In the age-old question about whether leaders are made or born, I continue to contend “both.” The one thing everyone must realize is that leadership skills can be learned. One of leadership’s key responsibilities is putting together a good leadership and management team. It means scouting, for sure, but it also means running that team in a way that brings results.
Here are a few tips for putting together a leadership team:
- Many highly regarded folks ranging from former CEO’s to researchers like Jim Collins, author of Good to Great, say that getting the right people on your team is first and foremost. But remember that getting the right people together does not mean being a charity – be willing to let go those who aren’t fitting or don’t show a passion for the company vision.
Collins equates this first tip with getting the right people on the bus. I like the analogy. It implies that some people ride the bus the whole route, while others get on later or get off sooner, which tells me you can expect the leadership team to change. It would be wonderful if the whole team could ride together the whole way, but that’s not always the best approach.
- Make sure everyone on the leadership team can teach as well as receive feedback. As quoted in the July 2003 edition of Business 2.0, Noel Tichy, formerly head of the management development institute at General Electric, says that when leaders teach and learn from their staff, and the staff in turn does the same for the next group, the company grows stronger. Tichy says companies that practice top-down one-way communication alienate their employees and “everyone becomes increasingly misaligned.” Misalignment leads to expensive redundant efforts and miscues. Communicate both ways and stay aligned for maximum productivity.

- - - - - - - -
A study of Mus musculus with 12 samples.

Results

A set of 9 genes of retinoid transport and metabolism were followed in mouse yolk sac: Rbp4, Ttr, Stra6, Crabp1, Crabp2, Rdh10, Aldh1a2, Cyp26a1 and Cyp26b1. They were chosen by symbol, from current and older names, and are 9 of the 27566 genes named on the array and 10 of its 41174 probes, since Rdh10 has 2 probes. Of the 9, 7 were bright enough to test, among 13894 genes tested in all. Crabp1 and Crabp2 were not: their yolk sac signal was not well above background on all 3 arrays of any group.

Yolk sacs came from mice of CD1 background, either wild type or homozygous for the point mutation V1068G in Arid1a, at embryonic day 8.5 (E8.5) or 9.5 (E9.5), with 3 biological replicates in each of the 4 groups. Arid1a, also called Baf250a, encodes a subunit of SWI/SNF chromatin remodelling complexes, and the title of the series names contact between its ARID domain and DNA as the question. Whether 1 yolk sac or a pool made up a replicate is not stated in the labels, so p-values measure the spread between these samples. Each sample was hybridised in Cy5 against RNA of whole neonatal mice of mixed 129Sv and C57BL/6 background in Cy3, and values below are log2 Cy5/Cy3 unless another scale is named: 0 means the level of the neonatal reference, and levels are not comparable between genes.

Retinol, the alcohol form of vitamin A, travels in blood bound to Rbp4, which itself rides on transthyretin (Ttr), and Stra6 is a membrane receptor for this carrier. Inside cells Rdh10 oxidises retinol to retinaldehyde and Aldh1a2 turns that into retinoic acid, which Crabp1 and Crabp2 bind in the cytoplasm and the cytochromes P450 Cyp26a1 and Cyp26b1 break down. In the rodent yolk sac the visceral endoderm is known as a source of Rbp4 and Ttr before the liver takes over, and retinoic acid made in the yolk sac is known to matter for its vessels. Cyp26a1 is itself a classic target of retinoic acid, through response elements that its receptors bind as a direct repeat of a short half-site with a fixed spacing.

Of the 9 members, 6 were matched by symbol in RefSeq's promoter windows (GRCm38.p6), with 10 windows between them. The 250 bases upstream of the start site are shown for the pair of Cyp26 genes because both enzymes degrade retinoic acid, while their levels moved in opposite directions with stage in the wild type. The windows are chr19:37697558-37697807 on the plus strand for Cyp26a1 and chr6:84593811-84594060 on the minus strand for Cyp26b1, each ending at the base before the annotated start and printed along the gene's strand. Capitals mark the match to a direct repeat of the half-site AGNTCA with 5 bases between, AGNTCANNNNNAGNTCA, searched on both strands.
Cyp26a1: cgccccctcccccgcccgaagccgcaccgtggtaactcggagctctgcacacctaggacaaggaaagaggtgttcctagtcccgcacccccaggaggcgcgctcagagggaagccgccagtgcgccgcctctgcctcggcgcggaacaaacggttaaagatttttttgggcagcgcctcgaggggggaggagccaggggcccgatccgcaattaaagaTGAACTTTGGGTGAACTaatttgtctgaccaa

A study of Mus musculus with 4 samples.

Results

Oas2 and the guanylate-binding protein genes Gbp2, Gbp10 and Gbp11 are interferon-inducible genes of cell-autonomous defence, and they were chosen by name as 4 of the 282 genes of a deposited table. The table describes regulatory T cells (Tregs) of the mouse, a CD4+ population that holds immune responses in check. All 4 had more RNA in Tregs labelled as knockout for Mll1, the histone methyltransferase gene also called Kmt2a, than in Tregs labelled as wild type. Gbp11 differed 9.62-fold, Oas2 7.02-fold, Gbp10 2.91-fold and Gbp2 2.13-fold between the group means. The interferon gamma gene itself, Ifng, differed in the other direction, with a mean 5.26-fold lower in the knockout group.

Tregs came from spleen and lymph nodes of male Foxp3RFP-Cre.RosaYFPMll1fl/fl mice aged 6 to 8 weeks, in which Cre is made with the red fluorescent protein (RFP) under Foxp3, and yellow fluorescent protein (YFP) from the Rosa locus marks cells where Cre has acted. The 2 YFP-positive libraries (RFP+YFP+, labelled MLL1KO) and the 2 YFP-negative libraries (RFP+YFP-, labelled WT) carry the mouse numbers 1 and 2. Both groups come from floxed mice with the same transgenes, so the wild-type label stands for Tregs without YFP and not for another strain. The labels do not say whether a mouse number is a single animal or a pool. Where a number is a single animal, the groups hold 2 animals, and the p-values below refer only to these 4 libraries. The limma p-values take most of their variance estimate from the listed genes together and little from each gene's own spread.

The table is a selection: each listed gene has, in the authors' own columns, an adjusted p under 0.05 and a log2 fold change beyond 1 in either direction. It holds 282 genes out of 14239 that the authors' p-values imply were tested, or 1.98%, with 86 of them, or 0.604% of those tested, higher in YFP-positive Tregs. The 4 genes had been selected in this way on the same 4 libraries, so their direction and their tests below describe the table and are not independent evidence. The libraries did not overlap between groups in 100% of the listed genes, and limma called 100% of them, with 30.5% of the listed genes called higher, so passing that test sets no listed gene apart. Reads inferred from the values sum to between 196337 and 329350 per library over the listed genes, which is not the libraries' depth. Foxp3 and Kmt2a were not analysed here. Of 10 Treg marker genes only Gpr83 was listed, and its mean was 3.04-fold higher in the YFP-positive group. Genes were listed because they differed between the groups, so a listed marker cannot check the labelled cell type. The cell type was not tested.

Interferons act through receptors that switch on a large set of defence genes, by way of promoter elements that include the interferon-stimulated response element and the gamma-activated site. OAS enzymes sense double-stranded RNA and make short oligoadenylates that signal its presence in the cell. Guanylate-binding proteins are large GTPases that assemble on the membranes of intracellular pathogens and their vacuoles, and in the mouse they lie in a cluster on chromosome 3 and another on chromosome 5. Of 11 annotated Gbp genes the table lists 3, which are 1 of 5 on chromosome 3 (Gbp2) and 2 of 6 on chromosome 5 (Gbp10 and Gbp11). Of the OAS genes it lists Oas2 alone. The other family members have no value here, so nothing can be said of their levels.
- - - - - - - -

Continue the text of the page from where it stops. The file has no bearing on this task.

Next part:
- When getting feedback, don’t punish people for being honest. The quickest way to kill communication is ask for feedback and then yell at people or cut them down because things aren’t going just right. This is a hard mindset to find – it’s too easy to convert your feedback session into a “fix that now” session, which kills trust and cooperation.
I’ve watched a leader “put people in their place” for giving answers he didn’t want to hear, and then wonder why his team doesn’t talk much during meetings. Until I saw it with my own eyes, I had no answer for him. All I had to do was sit in on one meeting and then I could give him the painful truth. At Leadership Development, we turn feedback into a game we call “good thing / bad thing.” Everyone gets to say what they liked about something as well as what they thought could have been better.
- Listen, listen, listen, and then make decisions. Leaders who continually put off making key decisions in a timely manner take a company down. This doesn’t mean bark orders – you’ll note that the first three phases here are “listen, listen, and listen.” Get the feedback. Consider the ripple effects. Listen to suggestions. Then, by all means, then move on it.
Still, while action is necessary, be sure to take actions in alignment with the company vision, mission, and the overarching strategic plan. A certain degree of filtering is necessary. Listening can put you in touch with good ideas that are not necessarily in the best interest of the company. As the axiom goes, good is often the enemy of best. Be careful not to get sidetracked into something good at the expense of what is best for the company.
There’s a lot more to leadership and building leadership teams than can be included here, but these tips ought to at least stimulate thought about your own leadership bus. Just remember that all buses need maintenance, so keep a regular schedule of “tune ups” and “inspections” to make sure your leadership bus stays reliable. Nothing is more frustrating than having a breakdown due to neglect.